Overexertion causes 28% of lost workday injuries, according to the Bureau of Labor Statistics*. Fortunately, you can prevent these injuries by understanding and using safe lifting techniques.
The key to safe lifting is to keep your back in balance. If you bend at your waist and extend your upper body to lift an object, for example, you upset your back's normal alignment and your center of balance. This forces your spine to support the weight of your body and the weight of the object. This situation is called "overload." You can avoid overloading our back by bending your knees and keeping the load as close to your body as possible.
This keeps your back in proper alignment and lets the stronger muscles in your legs do the actual lifting. You also do not have to extend your upper body, which helps you to maintain your balance
To protect yourself from a painful and potentially disabling injury, remember to practice the following lifting techniques:
- Test the load
Prior to lifting an object, test the weight of the object by lifting a corner. If the object is too heavy or bulky, get help from a fellow co-worker or use a mechanical device, such as a hoist or cart. You should also inspect the object for any slivers, nails, sharp edges, or slippery conditions.
- Plan the move
Check your path of travel to make sure that it's clear of any obstacles and there are no hazards in your path of travel, such as spilled water or oil. Remove any obstacles or hazards before picking up the object.
- Use a wide, balanced stance with one foot ahead of the other
A solid base of support reduces the likelihood of slipping and jerking movements.
- Grip the load firmly
This prevents the object from suddenly slipping out of your hands. You may need to use gloves or lifting handles if the load is too difficult to grasp.
- Bend your knees
This is the single most important rules to follow. When you bend your knees instead of your waist, the forces on your back are more evenly distributed. This also lets the strong muscles in your thighs do the lifting.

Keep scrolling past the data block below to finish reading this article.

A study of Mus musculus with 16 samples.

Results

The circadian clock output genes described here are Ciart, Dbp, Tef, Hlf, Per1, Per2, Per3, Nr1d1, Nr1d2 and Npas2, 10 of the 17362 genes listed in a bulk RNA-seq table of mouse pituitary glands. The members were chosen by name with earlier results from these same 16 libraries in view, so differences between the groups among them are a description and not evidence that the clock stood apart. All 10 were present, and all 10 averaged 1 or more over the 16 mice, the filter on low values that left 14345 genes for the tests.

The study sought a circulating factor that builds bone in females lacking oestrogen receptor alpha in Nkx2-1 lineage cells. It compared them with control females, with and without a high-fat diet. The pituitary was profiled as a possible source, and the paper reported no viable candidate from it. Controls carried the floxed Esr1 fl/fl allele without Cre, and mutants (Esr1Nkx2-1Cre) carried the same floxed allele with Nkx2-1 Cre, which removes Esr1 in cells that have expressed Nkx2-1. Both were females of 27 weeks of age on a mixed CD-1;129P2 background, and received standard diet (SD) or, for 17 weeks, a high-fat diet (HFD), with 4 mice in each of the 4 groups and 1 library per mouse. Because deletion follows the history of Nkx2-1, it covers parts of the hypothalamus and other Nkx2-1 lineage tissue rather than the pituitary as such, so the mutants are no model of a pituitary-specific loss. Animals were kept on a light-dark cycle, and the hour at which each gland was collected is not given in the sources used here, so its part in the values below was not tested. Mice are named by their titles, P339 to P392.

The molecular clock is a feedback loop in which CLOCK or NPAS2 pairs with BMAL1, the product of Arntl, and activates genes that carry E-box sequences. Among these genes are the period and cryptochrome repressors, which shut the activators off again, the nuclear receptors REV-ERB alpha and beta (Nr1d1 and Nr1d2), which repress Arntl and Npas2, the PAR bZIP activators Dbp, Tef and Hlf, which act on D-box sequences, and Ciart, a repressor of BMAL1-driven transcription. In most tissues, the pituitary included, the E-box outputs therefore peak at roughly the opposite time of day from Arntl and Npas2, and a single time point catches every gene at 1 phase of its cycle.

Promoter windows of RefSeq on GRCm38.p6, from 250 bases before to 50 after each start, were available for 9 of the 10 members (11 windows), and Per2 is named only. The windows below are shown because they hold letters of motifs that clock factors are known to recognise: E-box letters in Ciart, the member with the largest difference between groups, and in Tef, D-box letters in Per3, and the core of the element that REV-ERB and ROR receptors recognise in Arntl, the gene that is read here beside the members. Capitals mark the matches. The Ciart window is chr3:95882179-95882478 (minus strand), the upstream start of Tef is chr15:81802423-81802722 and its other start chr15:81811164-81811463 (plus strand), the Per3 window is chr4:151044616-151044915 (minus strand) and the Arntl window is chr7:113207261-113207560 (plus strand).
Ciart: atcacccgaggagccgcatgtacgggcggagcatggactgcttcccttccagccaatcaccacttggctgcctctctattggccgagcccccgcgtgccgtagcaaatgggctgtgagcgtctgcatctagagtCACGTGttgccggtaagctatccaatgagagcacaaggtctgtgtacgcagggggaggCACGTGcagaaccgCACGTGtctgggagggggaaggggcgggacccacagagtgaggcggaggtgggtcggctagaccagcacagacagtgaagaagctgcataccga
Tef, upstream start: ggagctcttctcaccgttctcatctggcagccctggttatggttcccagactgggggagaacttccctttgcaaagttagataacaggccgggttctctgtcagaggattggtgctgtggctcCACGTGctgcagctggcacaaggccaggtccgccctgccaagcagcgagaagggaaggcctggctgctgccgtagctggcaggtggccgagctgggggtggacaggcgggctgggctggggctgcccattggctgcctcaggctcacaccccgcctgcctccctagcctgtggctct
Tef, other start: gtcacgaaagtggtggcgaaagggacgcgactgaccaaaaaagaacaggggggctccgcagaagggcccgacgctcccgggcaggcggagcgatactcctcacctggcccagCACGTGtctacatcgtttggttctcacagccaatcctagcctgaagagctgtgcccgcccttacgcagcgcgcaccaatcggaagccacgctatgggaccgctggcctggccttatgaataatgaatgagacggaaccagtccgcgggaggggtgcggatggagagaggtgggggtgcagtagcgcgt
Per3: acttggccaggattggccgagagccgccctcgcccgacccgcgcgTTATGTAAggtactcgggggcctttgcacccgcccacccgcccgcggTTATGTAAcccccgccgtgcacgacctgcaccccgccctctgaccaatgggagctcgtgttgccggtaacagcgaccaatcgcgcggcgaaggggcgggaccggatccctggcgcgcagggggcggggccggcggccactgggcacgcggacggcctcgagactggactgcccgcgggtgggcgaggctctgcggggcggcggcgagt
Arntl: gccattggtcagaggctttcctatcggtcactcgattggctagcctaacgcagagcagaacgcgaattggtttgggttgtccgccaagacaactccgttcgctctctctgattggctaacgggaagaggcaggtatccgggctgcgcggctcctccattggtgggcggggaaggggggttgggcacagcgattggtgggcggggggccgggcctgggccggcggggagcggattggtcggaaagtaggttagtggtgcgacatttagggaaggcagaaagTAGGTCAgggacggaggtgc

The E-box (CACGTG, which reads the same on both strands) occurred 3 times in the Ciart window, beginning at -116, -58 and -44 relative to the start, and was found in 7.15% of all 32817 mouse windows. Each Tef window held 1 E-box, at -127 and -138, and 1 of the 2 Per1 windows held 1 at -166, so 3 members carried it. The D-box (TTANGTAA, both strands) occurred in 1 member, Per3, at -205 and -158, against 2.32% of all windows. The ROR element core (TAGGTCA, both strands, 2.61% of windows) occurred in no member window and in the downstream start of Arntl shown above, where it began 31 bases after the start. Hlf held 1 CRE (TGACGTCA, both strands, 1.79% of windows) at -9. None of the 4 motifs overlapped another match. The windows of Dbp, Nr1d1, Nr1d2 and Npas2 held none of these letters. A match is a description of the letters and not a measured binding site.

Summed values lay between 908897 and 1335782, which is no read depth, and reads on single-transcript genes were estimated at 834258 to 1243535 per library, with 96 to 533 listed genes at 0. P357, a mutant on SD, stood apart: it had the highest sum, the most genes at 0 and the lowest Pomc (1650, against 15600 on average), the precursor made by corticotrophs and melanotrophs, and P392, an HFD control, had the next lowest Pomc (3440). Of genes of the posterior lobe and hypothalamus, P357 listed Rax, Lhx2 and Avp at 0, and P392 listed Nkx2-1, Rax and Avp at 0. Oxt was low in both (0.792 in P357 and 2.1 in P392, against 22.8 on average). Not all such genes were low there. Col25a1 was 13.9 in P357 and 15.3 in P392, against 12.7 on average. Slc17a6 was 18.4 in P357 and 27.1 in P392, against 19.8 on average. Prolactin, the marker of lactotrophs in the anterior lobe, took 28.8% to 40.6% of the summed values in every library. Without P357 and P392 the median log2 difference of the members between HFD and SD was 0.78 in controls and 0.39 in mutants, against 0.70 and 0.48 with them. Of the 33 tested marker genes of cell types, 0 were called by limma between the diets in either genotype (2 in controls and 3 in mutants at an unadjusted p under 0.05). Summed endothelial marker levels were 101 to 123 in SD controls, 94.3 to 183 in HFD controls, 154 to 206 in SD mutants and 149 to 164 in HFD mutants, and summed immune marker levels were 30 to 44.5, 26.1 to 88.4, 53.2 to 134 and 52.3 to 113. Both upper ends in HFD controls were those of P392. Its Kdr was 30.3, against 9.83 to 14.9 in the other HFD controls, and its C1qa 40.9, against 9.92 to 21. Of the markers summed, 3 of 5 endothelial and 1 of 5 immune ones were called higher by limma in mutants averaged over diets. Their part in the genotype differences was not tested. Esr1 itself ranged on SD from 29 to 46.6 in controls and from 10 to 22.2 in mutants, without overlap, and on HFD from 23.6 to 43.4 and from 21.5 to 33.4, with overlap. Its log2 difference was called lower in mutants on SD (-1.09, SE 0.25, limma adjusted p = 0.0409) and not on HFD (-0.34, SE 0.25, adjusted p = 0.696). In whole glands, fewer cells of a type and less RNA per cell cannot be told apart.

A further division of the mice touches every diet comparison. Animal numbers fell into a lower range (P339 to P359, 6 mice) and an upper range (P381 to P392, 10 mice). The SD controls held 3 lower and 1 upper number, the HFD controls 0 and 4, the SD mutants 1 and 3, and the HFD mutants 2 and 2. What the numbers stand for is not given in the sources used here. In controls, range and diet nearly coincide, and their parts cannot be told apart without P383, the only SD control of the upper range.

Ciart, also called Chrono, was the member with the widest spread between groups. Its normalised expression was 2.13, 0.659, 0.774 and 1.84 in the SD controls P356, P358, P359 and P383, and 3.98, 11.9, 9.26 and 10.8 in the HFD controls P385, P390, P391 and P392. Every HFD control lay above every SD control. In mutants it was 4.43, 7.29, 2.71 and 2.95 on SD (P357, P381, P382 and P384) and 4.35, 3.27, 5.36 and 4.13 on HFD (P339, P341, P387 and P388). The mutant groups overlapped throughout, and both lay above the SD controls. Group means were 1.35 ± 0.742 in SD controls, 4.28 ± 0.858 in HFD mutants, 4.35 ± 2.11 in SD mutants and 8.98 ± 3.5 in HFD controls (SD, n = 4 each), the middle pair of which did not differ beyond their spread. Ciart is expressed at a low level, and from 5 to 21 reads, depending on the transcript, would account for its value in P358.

- Bring the object as close to your body as possible
Keeping the load close to your body reduces the force it exerts on your back.
- Tighten your stomach muscles as the lift begins
This allows your stomach muscles to help support your back as you lift.
- Keep your head and shoulders upright
This helps to keep the normal inward curve in your lower back.
- Lift with your legs
Using the strength of your legs to lift the object decreases the stress on your lower back.
- Set the load down carefully
Slowly lower the object by bending your knees and keeping your back upright. Don't let go of the object suddenly.
Reaching into a bin or container to lift an object makes the standard ten-step lifting procedure next to impossible. In these situation, you should practice the following techniques:
- Stand with your feet at least shoulder distance apart.
- Slightly bend your knees.
- Start to squat, bending your hips and knees. Not your waist. This movement is the same one you make when you lower your leg and hip muscles.
- Slide the load as close to your body as possible and raise yourself using your leg and hip muscles.
- Tighten your stomach muscles as you lift, and, if possible, brace your knees against the side of the bin or container for additional support.
- Get help if the load is more than moderately heavy.
Loads that are above shoulder height can also be difficult to lift. If you must lift an object that's above shoulder-level, use a stepstool or ladder to avoid over-reaching. Test the weight of the object by pushing up on the load. If the object is under 25 pounds, slide it towards you and hug the load close to you body as you descend. If possible, hand the object down to a co-worker before descending the ladder or stool.
Tips to Remember
- Whenever possible, use the standard ten-step procedure to lift an object.
- Avoid extending your upper body over the load.
- Lift with your legs, not your back.
- Keep your elbows as close to your body as possible.
- If a load is too heavy or awkward to lift, use a mechanical device or get help from a co-worker.
- Always push (rather than pull) the load.
- Chance awkward or static posture positions, such as kneeling, standing, or sitting for a prolonged time, to reduce the pressure on your back.
- Never twist your body while lifting. Move or pivot your feet to change direction.
- Strengthen your back and abdominal muscles by performing back exercises.
- Maintain your ideal weight.
*Accident Facts. 2008 Edition Published by the National Safety Council. Safely Lifting Techniques by Jeff Conway, CGSO,BSRM, Administration.